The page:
Six Sigma Approach to Improve Quality in E-Services: An Empirical Study in Jordan

Six Sigma Approach to Improve Quality in E-Services: An Empirical Study in Jordan

Salah Alhyari (AlBalqa’ Applied University, Jordan), Moutaz Alazab (Deakin University, Australia), Sitalakshmi Venkatraman (University of Ballarat, Australia), Mamoun Alazab (Australian National University, Australia) and Ammar Alazab (Deakin University, Australia)
Copyright: © 2012 |Pages: 18
DOI: 10.4018/jegr.2012040103

In any firm, the quality of the e-service is the main feature that distinguishes one from another, and in achieving a competitive advantage (Batagan, Pocovnicu, & Capisizu, 2009; Miller, 2010). Hence, firms try to apply the quality e-service commensurate with the needs and desires of customers, and to reduce the gaps between the visions of top management and the actual quality service based on the perspective of the users of this service. We could relate reducing this gap to reducing defects or trying to achieve zero errors, which is the doctrine of Six Sigma approach (Pyzdek, 2001).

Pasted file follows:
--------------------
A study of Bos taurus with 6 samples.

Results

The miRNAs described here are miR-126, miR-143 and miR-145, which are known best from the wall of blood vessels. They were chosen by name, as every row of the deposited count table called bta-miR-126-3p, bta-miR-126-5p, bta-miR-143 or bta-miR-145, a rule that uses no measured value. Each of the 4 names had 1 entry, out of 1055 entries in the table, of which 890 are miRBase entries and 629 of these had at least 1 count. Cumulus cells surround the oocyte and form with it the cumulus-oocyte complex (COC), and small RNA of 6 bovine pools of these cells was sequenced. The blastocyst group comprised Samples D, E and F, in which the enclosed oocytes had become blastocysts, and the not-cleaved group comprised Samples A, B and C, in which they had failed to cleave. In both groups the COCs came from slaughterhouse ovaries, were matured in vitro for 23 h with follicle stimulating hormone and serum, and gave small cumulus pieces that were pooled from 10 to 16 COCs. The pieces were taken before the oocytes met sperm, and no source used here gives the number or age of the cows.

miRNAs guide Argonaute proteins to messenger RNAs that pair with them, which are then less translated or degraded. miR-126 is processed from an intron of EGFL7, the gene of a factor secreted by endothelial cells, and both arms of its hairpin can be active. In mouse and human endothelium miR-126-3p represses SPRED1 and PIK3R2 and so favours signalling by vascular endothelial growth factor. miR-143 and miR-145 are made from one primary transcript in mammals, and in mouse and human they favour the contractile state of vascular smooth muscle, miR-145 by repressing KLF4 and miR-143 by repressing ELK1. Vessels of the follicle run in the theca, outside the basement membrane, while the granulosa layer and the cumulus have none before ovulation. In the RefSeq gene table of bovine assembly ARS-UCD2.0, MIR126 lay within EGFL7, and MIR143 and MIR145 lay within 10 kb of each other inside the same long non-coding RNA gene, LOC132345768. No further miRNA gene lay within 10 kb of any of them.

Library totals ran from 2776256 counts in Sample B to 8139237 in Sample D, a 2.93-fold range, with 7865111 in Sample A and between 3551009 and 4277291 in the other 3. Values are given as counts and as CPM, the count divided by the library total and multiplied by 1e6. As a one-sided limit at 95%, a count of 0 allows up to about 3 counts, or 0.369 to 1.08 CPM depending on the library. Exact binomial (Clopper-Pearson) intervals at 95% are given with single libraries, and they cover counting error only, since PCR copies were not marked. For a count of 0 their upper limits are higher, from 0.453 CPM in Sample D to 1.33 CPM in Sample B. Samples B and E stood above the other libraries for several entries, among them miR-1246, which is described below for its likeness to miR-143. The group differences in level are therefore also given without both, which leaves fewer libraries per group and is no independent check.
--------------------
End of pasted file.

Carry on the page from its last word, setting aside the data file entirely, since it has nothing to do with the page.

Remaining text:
The Six Sigma was originally developed for manufacturing processes by Motorola in late 1980s, but today service firms and service functions within almost every sector are using Six Sigma to improve profits and performance (Antony, 2002). However, unlike products, services are based on information flows that are not easily measured, tested or controlled for quality. Hence assessing service quality continues to be a challenging topic. There are various perspectives to service quality and the information flows that exist in manufacturing organizations are quite different to the information generated by services (Abdolshah & Yusuff, 2008). These complexities have allowed very little work in applying Six Sigma to a limited number of services. This forms the basic motivation of our study and our objective is to investigate the application of Six Sigma in e-services, especially in a developing country as their e-service success rates are quite low.